Every series I’ve ever watched has what’s called a “breather episode”. It’s the type of episode that is normally a standalone story and only barely connected to the main story arc of the season. Examples would “Smile Time” from Angel, “His Way” from Star Trek: Deep Space Nine, and “Day of the Dead” from Babylon 5. For The Book of Boba Fett’s Chapter 5, we see the return of Din Djarin in “The Return of the Mandalorian”.
Spoilers ahead, obviously, so don’t read if you haven’t watched the episode.
We start with Din Djarin hunting a bounty, like he is prone to do. It becomes quickly apparent that this is not a flashback episode when we see Din wield the Darksaber, the ancient symbol of Mandalorian power that he earned in combat against Moff Gideon in the season 2 finale of The Mandalorian. We also get to see what happens when someone who isn’t really trained in how to wield a lightsaber (you get injured easily). The first few minutes of the episode were paced well, with every step building on the previous one until we got a pretty good fight scene.
The ringworld Din is on is the first I can recall seeing in live-action or animated Star Wars. There have been stories in the Legends continuity of ringworlds but this is the first onscreen appearance. The effects team did a masterful job of bringing it to life. The idea behind a self-sustaining ring habitat that surrounds a star has been a staple of science fiction for decades now (since Larry Niven published his novel Ringworld back in 1970). The science fiction geek in me was overjoyed seeing this brought to life in the Star Wars universe.
Din Djarin soon locates the last members of the covert from the first season of The Mandalorian, the Armorer and Paz Vizsla. The reveal that the Beskar Spear is not the intended use of Beskar is an interesting turn but not an unexpected one. The spear served its purpose, from a storytelling perspective, giving Din a weapon he could use to fight Moff Gideon in melee combat (and survive the Moff’s use of the Darksaber). Despite giving Grogu away to Luke Skywalker at the end of the second season, Djarin’s thoughts are still with the child he took under his wing, which is seen when he has the Armorer smelt down the Beskar spear to create something for the being he still considers a foundling.
Din’s reunion with his covert is not without incident, though. We finally learn what happened to the Mandalorian homeworld from the Armorer and how it might be connected to a curse laid on the Darksaber. The Galactic Empire bombed the planet, with several of the bombs looking like nuclear blasts. Then, in an image that is straight from The Terminator franchise, we see Imperial droids wandering the devastated landscape, killing any Mandalorians that survived the bombing. The idea that anyone who does not win the Darksaber in combat cannot be the true leader of the Mandalorians is an intriguing entry into the canon, and also provides a way to explain why Bo-Katan refused to accept it from Djarin during the finale of The Mandalorian. When Paz Vizsla attempts to take the weapon from Djarin in a duel, Din succeeds in defeating the much larger Mandalorian but is cast out from the covert because he removed his helmet (multiple times). This harkens back to what Bo-Katan said of the group in season two: they are a religious order and have a zealotry to their beliefs that is unnerving. Djarin is exiled from the covert but is given a way to find redemption, which is a story thread that will no doubt be visited in the third season of The Mandalorian.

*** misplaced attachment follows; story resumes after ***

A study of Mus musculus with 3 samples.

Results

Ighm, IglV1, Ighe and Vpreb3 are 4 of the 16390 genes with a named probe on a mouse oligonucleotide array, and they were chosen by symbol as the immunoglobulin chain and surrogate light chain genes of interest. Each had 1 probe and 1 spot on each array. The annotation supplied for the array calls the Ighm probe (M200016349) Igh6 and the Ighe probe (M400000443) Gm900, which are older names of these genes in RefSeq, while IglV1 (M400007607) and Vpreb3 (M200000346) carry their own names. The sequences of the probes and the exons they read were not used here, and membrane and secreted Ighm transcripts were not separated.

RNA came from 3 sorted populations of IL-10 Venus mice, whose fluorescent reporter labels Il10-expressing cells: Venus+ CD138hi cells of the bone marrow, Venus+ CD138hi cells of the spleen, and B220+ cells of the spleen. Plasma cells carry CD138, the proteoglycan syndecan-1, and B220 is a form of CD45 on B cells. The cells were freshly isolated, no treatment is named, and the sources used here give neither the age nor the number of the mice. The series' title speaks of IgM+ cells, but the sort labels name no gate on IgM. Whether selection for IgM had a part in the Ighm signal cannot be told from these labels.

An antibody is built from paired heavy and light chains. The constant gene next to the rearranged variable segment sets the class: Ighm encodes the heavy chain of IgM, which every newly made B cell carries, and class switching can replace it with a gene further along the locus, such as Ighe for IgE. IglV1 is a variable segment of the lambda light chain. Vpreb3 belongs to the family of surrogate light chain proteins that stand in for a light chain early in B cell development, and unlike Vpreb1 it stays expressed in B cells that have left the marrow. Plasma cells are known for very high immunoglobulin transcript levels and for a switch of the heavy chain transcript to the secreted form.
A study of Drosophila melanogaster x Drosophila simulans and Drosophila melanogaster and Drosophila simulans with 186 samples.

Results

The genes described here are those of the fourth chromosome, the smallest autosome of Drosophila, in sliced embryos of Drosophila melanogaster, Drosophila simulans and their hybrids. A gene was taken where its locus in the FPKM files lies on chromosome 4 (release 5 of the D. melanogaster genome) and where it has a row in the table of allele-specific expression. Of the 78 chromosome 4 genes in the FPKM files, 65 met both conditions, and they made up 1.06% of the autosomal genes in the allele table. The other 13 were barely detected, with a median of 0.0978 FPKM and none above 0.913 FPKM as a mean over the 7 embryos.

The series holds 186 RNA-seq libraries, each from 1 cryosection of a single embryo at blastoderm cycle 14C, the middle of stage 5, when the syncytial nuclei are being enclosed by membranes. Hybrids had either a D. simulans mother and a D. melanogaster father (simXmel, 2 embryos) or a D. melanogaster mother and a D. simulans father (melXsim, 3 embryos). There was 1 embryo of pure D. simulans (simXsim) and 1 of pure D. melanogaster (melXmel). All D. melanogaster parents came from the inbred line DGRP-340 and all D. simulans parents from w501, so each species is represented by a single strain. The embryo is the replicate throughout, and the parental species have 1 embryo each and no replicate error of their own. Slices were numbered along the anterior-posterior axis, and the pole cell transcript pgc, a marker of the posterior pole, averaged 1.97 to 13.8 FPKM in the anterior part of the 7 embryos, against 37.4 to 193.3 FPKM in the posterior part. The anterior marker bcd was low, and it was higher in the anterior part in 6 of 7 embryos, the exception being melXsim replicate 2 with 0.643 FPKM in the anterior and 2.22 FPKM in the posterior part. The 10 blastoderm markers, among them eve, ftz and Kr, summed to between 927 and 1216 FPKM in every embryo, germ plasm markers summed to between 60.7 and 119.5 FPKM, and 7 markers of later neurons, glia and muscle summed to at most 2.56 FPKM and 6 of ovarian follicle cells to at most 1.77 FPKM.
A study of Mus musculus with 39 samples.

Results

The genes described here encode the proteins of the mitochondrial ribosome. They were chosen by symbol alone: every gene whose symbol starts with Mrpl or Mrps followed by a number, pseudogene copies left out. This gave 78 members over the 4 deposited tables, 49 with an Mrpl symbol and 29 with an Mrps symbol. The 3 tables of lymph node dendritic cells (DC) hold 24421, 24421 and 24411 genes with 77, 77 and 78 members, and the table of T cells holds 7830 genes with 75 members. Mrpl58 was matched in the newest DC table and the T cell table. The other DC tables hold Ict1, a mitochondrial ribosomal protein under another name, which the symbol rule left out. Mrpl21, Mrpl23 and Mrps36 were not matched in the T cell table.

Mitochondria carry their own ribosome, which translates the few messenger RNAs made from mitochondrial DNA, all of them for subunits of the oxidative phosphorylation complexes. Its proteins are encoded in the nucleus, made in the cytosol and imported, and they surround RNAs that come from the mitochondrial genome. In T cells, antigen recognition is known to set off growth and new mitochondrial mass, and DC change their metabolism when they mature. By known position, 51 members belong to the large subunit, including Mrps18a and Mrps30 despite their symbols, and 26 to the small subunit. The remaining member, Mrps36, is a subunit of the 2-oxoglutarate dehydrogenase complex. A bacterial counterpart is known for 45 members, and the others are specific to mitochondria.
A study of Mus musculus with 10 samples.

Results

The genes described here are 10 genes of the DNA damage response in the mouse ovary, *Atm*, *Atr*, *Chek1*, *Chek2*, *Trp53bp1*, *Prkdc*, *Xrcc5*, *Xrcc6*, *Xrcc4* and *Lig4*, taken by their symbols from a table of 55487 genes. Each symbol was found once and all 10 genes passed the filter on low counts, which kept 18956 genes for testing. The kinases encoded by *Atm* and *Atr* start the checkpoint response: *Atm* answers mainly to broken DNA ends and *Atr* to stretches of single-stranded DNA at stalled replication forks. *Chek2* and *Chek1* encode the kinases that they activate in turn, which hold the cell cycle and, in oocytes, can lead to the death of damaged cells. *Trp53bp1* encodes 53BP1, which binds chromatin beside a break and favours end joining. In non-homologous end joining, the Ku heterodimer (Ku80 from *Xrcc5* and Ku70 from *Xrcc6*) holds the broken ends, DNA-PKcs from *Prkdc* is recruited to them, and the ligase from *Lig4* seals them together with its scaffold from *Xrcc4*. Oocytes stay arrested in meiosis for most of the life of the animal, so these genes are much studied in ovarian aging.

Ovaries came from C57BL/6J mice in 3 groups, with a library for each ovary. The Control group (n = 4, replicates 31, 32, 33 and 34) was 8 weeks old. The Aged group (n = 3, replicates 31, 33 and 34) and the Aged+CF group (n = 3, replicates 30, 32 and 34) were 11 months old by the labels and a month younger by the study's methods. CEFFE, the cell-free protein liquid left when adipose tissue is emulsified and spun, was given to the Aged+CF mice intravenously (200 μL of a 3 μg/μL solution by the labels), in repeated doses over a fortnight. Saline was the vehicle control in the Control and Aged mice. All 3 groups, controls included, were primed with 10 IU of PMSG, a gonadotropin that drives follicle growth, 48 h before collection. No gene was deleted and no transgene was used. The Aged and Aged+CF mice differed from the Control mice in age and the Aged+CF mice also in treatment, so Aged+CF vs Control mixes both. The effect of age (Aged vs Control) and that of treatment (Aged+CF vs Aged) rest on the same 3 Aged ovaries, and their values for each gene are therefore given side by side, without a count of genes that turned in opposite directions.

After the heavier aspects of the beginning part of the episode, it was nice to see the return of Peli, the dockworker on Tatooine. I have a soft spot for characters that are written as being slightly off but still fun and Peli absolutely fits the bill. She reveals that she found a rusted out and largely dismantled Naboo N-1 starfighter to serve as Djarin’s new space craft. With a good bit of time (and some assistance from some Jawas), the pair are able to heavily modify the craft, creating a speedy fighter that even Djarin finds enjoyable to fly. The sequences of Din flying his new ship were exceptionally done, particularly when Djarin makes his way through Beggar’s Canyon (which any Star Wars geek will recognize from The Phantom Menace).
The episode ends with Fennec Shand paying Djarin a visit, offering to hire him as muscle to help Boba Fett in his war against the Pyke Syndicate. Due in no small part to how Boba and Fennec helped him recover Grogu, Djarin offers to do the job for free, once he’s run an errand. It was a great amount of fun seeing what essentially servers as a precursor for the third season of The Mandalorian. Given that Jon Favreau and Bryce Dallas-Howard know this character so well, it was no surprise to see the two of them were behind this episode. A nice breather from the main story arc of Boba Fett’s growing war with the Pyke Syndicate, this episode adds a few pieces of the larger mythos of The Mandalorian while also giving us a tie to the current story arc. I’m on board with seeing Boba Fett and Din Djarin working together in the next few episodes.